By Camille DeVaul and the Paso Robles Area Historical Society and Museum
Growing up on her family ranch in La Panza, Dabirma (Birma) Still was quite aware of the nature in her surroundings. Born on March 20, 1875, in San Luis Obispo County, she captured this world of hers through photography and eventually became known as ‘The First Lady of Photography,’ becoming the most prominent woman photographer in California in the early 20th century.
Most of her earlier photographs were made with an old box camera. It was in December of 1904 when Birma married John Maclean, and she received a ‘new’ folding Kodak camera, from which postcard sized prints could be made. It was during this period that Birma began taking photos of California wildflowers growing in the general area of La Panza from the Carrisa (Carrizo) Plain to Santa Margarita, where the southern end of Shell Creek intersects with Highway 58, also known as the “Carrisa Highway.”
Birma had met Miss Alice Eastwood — an authority on plants native to California — when Alice was visiting friends on the Carrisa Plain. Birma sent prints of the flowers she had photographed to Alice to identify. Birma then wrote this identification on the negatives to ensure a more permanent record. In all, some one hundred thirty wildflowers and plants native to San Luis Obispo county were photographed and identified.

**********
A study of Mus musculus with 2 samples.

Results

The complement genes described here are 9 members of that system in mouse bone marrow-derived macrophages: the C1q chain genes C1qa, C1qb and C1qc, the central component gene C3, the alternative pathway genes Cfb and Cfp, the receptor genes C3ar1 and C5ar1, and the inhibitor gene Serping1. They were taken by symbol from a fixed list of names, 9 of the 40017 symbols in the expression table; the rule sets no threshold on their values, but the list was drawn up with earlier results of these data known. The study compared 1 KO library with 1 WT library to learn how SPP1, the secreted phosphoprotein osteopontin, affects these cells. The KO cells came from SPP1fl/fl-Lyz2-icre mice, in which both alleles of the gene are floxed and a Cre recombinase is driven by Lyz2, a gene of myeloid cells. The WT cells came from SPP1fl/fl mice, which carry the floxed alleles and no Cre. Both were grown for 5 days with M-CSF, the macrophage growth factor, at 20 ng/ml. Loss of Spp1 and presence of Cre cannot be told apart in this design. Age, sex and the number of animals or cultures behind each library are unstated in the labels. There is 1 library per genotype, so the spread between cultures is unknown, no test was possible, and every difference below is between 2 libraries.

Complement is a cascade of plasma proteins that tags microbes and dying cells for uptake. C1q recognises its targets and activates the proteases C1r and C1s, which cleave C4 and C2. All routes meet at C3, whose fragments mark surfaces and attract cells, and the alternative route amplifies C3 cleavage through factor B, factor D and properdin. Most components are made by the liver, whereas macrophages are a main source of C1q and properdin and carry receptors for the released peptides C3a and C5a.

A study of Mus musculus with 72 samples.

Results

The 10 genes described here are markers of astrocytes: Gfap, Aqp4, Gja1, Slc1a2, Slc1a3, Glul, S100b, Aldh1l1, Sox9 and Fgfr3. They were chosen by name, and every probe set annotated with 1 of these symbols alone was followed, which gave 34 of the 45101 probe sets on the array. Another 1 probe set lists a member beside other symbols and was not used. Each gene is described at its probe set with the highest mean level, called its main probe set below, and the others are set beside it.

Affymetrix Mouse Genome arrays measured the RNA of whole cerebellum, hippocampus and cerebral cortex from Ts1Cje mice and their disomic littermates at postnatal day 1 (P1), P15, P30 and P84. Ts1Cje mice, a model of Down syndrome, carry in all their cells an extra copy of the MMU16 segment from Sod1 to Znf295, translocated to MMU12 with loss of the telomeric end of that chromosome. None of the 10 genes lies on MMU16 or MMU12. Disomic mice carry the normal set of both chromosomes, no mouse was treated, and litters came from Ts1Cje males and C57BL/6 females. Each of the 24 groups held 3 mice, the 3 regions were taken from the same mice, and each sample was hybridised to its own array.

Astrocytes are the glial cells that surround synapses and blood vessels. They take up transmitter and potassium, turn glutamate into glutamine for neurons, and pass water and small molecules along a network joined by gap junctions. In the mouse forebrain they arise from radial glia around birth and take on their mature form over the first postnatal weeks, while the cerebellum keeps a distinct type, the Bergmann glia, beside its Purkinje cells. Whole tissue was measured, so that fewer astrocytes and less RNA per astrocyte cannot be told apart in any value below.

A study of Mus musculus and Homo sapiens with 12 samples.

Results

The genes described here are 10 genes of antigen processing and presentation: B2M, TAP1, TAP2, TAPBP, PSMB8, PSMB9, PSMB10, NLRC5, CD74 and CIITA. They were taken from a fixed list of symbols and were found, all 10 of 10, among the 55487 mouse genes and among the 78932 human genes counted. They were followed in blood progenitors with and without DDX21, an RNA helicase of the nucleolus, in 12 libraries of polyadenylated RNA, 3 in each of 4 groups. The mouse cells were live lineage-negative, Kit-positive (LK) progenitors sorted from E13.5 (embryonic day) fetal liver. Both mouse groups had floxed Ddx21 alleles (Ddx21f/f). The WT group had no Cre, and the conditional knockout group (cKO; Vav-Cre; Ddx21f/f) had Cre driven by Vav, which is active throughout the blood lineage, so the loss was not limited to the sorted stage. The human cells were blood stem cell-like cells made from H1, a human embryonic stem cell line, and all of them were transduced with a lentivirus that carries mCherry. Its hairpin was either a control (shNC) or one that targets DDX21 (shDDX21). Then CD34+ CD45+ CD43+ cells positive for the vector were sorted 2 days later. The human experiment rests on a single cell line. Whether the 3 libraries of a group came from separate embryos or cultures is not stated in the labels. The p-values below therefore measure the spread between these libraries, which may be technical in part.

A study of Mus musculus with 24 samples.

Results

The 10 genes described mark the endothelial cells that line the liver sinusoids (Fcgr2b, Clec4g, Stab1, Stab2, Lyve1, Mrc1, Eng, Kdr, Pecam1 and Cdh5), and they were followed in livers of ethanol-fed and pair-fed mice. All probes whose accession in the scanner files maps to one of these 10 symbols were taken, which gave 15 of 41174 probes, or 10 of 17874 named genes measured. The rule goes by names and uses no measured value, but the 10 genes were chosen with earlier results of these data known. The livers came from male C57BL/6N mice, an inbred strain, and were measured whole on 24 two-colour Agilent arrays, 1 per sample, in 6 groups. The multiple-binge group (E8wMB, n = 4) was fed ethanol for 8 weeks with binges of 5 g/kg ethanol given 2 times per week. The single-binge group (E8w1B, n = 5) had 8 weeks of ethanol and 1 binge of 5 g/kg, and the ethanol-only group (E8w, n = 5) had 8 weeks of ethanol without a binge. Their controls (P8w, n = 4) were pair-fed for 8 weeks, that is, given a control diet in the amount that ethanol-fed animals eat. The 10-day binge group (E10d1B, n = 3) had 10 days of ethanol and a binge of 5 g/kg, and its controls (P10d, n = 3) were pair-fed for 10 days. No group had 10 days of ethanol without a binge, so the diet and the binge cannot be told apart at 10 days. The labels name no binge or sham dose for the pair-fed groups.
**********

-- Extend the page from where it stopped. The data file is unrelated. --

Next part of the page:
Dabirma also met the famed naturalist and horticulturist Luther Burbank in 1908. He became quite interested in Birma’s photographs. As a result, the folks in La Panza
gathered seeds, roots, and bulbs of native plants for Burbank, who in return sent to La Panza various plants he was experimenting with to test whether these plants would survive in the hot, dry conditions of La Panza.
Wildflowers to look for today in San Luis Obispo County are mustard, goldfields, tidy tips, baby blue eyes, owl’s clover, poppies and lupine.
The El Paso de Robles Area Historical Society and Museum are honored to be located in the historic Carnegie Library at the center of City Park. To learn more, visit pasorobleshistorymuseum.org.